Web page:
Thursday, January 22, 2004

Wherever You Go, There You Are

I commute about 180 miles to my office each day. When not listening to NPR, it gives me the opportunity for a lot of reflection, prayer and silence. Usually, this is a good thing. Sometimes, I wonder how healthy it is, however.

Navel gazing can become an obsession. Traveling at 65 miles an hour encapsulated in a steel box can add to the illusion of being in a sterile environment without roots. Being propelled forward suggests that action is occurring as a result of all the rumination. It is a false sense of progress and security; of change without any risk. As long as the gaze is kept on self, I am in control. As long as the metal box insulates me from the external, it can be considered illusionary and inconsequential.

The other night, as I traveled the parkway, the trees on either side created a dark tunnel illuminated by a small ribbon of fading light from above. The image was invigorating, suggesting a journey, or even a birthing, into some future unknown reality. Was it? Not really.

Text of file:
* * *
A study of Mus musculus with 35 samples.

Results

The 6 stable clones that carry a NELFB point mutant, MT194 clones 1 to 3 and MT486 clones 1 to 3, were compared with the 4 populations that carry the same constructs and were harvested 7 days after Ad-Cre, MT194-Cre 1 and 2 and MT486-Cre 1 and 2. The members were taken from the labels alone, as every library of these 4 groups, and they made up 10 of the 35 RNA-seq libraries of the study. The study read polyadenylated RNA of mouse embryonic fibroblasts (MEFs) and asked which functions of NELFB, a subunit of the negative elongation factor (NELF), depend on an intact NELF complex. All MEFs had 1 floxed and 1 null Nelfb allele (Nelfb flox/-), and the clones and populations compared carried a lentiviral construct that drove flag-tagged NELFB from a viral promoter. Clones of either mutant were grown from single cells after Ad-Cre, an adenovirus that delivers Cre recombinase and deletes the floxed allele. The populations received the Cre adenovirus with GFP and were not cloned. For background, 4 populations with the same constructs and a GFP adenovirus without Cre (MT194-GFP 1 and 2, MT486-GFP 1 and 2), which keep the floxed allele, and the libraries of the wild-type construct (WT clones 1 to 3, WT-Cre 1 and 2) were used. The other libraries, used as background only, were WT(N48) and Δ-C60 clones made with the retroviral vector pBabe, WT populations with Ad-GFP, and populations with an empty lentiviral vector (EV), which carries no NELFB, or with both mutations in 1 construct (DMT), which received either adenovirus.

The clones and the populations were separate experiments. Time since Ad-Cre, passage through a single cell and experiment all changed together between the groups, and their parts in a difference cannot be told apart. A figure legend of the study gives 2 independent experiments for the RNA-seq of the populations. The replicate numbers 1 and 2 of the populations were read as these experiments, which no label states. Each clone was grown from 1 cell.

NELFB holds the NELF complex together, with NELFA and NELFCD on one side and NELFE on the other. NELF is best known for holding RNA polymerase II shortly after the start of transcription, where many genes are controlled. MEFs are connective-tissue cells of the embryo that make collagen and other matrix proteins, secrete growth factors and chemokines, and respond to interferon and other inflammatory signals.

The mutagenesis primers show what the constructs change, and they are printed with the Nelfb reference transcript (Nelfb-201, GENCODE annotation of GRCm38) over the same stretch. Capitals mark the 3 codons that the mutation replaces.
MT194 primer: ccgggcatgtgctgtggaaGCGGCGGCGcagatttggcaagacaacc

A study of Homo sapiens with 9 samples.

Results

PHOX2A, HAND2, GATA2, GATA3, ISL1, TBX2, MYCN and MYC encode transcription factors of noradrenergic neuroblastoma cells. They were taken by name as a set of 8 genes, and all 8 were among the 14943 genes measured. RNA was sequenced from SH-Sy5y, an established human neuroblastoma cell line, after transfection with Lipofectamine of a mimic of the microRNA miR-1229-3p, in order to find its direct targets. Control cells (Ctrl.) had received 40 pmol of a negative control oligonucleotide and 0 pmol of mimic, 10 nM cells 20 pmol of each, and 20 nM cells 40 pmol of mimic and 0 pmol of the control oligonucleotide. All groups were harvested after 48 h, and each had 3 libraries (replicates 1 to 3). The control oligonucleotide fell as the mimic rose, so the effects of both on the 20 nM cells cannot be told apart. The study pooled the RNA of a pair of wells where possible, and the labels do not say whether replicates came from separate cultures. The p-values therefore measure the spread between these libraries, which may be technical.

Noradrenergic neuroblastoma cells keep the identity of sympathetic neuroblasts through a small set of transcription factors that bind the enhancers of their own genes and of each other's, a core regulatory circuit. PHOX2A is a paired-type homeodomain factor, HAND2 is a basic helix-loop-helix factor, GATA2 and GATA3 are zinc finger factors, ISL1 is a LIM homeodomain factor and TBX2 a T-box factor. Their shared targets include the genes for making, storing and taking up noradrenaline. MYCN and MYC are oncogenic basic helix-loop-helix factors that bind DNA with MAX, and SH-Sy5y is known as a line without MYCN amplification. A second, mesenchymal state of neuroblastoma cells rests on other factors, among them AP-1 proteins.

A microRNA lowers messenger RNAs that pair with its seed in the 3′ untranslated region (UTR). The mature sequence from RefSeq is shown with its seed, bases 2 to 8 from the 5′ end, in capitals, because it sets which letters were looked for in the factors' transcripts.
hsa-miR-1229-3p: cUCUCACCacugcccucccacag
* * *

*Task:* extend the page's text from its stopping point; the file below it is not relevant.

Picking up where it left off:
The overuse of the image of a journey is somewhat self defeating, I think. It draws us into the facade of thinking the really important stuff is somewhere up ahead. The reality is that the future is an illusion. All we have is this present moment. And in this present moment, location is an insignificant factor.

If our goal is to arrive at some idealized destination, then we are being motivated by a longing for some absolute that may very well be a place that is stagnant and uchanging, a place in which we have become unteachable. If we hope that the journey will allow us some escape from our current sufferings, we place our hopes in yet another illusion; that we can somehow escape from ourselves. Wherever you go, there you are.